China's stock market volatility has ramped up again. The Shanghai Composite fell 8.5% on Monday. Worries of a market panic have resumed. As I have mentioned in previous blog posts, applying rational valuations to China's share prices is a futile endeavor in the current environment. The market has been disconnected from the real economy for some time. Valuations swing wildly. Firms can halt trading in their own shares if they don't like the direction of price moves. Beijing has stepped in, but in doing so has potentially caused more uncertainty.
See my blog postings from the last few months for more details: China's stock market volatility is crazy, and who knows where we go from here., and China's stock market surge by the numbers., and China stock market returns and the real economy. Just how disconnected?
The market at this point is a tug of war between Beijing policymakers trying to stabilize markets, and behavior-prone investors driving the market to unreasonable levels of volatility.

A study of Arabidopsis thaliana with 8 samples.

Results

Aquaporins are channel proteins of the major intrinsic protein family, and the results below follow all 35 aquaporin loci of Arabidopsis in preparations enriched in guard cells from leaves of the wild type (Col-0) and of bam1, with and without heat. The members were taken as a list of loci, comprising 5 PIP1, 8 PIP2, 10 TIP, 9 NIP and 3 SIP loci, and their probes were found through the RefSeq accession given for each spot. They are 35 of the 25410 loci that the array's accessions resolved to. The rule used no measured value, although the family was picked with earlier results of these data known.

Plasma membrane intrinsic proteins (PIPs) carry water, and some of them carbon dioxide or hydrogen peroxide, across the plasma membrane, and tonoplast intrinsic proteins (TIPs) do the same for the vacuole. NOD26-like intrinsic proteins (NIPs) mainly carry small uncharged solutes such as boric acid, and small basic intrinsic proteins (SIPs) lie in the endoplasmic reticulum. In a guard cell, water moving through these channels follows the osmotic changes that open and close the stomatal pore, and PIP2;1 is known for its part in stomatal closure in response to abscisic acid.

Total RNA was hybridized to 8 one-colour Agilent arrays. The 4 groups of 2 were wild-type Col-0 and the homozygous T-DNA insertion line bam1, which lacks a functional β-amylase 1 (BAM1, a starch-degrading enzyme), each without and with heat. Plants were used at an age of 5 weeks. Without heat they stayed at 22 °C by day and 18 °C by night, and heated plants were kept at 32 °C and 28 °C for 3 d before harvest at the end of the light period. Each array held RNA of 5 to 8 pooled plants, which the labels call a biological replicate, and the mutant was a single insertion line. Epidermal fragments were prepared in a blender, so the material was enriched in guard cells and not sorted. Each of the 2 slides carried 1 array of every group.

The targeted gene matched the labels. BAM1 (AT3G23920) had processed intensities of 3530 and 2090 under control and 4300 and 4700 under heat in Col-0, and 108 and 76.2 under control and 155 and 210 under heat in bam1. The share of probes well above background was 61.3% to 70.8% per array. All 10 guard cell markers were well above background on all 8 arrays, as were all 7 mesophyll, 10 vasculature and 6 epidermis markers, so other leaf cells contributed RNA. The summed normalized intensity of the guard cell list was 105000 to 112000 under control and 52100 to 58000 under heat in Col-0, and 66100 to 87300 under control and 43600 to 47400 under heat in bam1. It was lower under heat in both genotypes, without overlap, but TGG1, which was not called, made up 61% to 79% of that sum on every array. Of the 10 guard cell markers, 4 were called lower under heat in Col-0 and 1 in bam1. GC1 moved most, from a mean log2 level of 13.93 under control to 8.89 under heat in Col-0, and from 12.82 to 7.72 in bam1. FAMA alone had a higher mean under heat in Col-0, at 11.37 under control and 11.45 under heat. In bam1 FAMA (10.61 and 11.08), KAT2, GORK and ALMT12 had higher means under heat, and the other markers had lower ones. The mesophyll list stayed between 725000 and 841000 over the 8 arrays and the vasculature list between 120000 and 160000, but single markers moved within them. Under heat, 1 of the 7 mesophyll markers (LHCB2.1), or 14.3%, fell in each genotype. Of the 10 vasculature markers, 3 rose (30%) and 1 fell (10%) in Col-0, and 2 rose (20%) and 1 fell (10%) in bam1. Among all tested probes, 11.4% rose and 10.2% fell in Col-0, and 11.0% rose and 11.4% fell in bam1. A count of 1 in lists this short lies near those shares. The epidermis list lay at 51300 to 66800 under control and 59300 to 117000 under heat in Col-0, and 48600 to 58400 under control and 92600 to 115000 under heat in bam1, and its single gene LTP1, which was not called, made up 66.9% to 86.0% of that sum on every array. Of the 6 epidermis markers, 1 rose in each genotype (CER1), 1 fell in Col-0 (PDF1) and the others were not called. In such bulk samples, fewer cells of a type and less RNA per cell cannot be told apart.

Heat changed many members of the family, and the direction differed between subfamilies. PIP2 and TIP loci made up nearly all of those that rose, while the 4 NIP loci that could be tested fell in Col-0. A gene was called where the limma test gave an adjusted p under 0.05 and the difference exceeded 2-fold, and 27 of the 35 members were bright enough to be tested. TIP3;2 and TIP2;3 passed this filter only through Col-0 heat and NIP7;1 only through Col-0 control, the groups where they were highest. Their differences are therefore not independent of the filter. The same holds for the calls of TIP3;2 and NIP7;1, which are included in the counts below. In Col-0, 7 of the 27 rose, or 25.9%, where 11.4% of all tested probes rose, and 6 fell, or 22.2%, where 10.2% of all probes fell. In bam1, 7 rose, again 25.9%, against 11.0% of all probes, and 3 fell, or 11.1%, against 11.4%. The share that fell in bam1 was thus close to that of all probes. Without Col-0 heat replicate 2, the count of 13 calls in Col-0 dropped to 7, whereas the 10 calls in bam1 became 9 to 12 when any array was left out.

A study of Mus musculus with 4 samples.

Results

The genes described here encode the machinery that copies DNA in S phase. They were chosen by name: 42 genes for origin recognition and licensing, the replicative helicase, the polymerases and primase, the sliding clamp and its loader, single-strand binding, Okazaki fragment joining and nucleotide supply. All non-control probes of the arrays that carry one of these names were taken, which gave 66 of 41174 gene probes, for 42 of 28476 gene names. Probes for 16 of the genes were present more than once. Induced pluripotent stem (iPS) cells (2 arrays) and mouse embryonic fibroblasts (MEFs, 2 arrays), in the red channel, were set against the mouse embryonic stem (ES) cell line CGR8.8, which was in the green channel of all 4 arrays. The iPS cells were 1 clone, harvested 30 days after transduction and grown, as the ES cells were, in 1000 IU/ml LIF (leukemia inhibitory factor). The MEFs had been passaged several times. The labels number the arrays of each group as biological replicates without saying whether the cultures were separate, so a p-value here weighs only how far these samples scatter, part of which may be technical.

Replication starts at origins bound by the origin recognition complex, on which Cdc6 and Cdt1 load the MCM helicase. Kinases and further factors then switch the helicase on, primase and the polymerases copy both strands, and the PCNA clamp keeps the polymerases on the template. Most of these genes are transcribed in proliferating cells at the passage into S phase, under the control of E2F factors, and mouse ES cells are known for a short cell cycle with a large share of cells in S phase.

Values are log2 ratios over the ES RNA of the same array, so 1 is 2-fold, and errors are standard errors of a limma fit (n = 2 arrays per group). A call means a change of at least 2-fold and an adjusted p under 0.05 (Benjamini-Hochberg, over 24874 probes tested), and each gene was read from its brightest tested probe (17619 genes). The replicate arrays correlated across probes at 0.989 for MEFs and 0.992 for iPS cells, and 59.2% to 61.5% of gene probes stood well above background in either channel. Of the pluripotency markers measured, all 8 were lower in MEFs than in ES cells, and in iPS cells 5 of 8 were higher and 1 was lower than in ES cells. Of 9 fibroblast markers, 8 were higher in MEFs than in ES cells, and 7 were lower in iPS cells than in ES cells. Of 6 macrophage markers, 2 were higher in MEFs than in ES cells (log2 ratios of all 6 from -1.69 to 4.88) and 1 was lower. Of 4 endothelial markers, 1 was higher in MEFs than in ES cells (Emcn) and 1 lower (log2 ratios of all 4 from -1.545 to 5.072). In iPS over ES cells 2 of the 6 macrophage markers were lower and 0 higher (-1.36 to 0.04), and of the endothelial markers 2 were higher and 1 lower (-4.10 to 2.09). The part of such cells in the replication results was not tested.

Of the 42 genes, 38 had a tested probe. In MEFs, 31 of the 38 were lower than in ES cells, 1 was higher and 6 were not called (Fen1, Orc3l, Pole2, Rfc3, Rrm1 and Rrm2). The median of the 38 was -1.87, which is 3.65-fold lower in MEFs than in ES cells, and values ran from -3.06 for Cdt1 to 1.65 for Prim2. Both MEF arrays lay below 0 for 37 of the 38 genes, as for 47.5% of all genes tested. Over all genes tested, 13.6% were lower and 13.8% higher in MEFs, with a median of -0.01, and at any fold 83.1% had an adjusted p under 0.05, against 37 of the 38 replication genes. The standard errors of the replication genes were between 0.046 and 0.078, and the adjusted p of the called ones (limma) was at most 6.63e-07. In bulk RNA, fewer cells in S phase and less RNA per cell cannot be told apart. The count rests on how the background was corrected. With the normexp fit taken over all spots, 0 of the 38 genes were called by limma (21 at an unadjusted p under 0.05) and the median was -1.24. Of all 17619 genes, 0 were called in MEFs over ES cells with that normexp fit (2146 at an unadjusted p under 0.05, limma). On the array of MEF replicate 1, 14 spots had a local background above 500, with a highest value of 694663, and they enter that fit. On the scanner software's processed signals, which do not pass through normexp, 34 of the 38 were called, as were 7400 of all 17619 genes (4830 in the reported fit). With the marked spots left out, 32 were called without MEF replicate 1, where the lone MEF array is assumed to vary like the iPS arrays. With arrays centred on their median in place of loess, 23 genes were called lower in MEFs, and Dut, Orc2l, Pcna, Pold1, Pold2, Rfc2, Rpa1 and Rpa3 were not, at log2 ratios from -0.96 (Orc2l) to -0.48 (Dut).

China's leadership has a bad track record of controlling markets. The debt markets, the property markets, and natural resource pricing (water in particular) have proved difficult to control. Beijing's attempts to control markets have often contributed to inefficiencies and moral hazards. The PBOC and Beijing policymakers, having already entered the business of bailing out shareholders with early July interventions, are now stuck potentially piling resources into the stock market stabilization (see my blog post China stock market interventions are a setback to reforms. for more details). The battle between China's policymakers and behavior-driven investors will probably end poorly.
On a good note, margin debt has fallen nearly $100 billion since the peak. June economic data appeared to be unscathed from the market drop. Valuations do not seem unreasonable currently. But, volatility does not seem to be going away.
Here is a graphical timeline of stock market events over the last year.